Why Do Humans Still Have a Gene That Increases the Risk of Alzheimer’s?

Jan 8, 2017

By Ed Yong

When the former nurse Jamie Tyrone learned that she carried two copies of a gene called ApoE4, she “lost hope and direction,” and her “days were filled with fear, anxiety and sadness.” It meant that as she got older, she would likely develop Alzheimer’s disease, as her father had done before her.

The apoliprotein E gene, or ApoE, comes in three forms—E2, E3, and E4. The last one is the problem. People who carry one copy have a three-fold higher risk of Alzheimer’s than those with none. And those with two copies, as Tyrone carries, have 8- to 12-fold higher risks. Between 51 and 68 percent of them will develop the disease by the time they are 85. The risk is so large that some people who get their genomes analyzed (including James Watson, a co-discoverer of the DNA double helix) deliberately decide to redact their ApoE4 sequence. They’d rather not know.

Even if ApoE4 carriers manage to dodge Alzheimer’s, they aren’t out of the woods. Compared to the general population, they tend to have higher cholesterol levels, a higher risk of heart disease, and a faster pace of mental decline during old age.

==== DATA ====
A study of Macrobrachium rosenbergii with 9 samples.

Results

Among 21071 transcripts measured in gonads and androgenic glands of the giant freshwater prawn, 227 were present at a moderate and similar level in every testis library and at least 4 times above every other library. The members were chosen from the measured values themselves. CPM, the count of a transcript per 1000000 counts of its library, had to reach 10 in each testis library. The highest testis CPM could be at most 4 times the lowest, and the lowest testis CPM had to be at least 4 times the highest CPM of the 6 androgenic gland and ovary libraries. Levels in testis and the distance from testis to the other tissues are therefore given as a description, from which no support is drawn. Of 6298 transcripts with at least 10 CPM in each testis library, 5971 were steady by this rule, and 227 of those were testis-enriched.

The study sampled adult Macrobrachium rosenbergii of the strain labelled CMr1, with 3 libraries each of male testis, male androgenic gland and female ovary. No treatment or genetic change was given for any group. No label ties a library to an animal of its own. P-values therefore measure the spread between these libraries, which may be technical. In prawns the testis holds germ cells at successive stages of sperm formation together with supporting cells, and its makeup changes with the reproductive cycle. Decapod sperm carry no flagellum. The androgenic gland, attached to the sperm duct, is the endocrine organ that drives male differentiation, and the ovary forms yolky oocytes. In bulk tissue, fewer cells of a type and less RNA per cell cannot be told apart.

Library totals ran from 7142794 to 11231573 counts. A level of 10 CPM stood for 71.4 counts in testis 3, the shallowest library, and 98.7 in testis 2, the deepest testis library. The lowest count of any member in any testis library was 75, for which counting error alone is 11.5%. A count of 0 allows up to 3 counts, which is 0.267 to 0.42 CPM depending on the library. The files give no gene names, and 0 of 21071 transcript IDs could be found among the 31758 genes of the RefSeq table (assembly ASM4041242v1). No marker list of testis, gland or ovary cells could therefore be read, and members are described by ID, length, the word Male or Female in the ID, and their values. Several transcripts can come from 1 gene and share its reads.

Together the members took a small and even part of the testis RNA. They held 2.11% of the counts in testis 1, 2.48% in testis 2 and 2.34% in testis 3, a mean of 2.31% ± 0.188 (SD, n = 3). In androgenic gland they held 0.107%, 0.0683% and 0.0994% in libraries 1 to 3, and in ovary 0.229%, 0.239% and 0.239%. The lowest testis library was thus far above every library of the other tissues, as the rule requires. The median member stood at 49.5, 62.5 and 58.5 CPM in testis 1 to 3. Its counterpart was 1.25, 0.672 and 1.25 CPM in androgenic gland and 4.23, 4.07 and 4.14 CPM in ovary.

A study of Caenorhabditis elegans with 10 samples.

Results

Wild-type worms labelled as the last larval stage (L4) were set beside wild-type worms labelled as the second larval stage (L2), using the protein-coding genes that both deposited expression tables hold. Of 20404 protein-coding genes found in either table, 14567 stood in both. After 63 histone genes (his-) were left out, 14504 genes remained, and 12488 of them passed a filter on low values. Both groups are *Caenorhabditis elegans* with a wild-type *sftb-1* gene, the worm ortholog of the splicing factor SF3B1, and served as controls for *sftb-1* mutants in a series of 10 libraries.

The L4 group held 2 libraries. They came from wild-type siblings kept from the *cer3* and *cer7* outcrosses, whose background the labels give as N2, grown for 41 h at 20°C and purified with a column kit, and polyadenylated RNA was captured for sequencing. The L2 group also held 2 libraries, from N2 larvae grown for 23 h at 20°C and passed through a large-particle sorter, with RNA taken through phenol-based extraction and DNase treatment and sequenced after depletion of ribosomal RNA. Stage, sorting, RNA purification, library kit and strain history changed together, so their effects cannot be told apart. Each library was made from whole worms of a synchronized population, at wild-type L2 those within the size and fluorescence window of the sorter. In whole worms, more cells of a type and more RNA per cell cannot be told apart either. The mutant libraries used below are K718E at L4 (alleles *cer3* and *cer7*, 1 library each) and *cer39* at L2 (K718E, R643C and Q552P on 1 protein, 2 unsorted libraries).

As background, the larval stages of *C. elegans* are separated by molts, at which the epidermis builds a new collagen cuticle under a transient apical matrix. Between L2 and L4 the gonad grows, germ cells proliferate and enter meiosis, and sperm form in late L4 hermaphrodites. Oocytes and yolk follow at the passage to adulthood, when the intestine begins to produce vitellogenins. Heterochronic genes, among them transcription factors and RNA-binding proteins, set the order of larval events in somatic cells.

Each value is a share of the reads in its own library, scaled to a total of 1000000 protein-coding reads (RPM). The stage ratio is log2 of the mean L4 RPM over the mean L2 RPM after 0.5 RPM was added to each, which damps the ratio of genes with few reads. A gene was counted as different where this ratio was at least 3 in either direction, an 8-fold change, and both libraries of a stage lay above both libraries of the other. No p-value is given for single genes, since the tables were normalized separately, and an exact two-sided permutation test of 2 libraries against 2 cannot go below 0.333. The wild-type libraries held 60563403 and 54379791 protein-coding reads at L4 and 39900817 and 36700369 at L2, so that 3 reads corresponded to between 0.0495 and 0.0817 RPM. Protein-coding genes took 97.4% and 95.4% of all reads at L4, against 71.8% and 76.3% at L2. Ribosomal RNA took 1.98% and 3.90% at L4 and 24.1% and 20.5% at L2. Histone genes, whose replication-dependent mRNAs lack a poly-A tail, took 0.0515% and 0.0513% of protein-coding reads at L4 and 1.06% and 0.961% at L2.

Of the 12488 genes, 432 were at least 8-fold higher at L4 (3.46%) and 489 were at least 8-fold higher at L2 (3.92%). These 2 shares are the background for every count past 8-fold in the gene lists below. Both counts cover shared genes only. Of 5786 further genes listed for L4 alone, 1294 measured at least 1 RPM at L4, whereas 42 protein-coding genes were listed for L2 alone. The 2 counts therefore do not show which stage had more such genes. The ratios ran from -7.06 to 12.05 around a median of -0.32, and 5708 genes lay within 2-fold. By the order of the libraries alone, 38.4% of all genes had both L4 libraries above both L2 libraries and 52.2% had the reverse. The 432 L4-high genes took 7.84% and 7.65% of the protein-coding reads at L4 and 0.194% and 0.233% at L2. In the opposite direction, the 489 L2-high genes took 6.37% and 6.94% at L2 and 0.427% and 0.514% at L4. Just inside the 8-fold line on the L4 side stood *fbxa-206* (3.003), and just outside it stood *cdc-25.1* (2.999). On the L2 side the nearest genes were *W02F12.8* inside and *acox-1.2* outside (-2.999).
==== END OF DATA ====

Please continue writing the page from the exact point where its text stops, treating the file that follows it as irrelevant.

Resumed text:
• Of course it can be a simpler explanation still, by the time most of us get Alzheimer’s you are long past the time when you are likely to be reproducing. if it doesn’t stop you from breeding then it’s going to surely get pasted to the next generation not matter how unpleasant.



    I agree with your assessment. And, not only is it typically after reproductive age but can be very late in life. It also seems that there are perhaps some environmental risk factors at play.



    Jan 8, 2017 at 6:45 pm

    Of course it can be a simpler explanation still, by the time most of us get Alzheimer’s you are long past the time when you are likely to be reproducing.

    Not only that, but in the harsh, brutish, and short, nature of life in earlier times, most would not even live to reach modern expectations of old age.

    The disabilities of Alzheimer’s could actually help cull the elderly from primitive populations, reducing the demands for food on the food-chains, and promoting survival of the younger generations.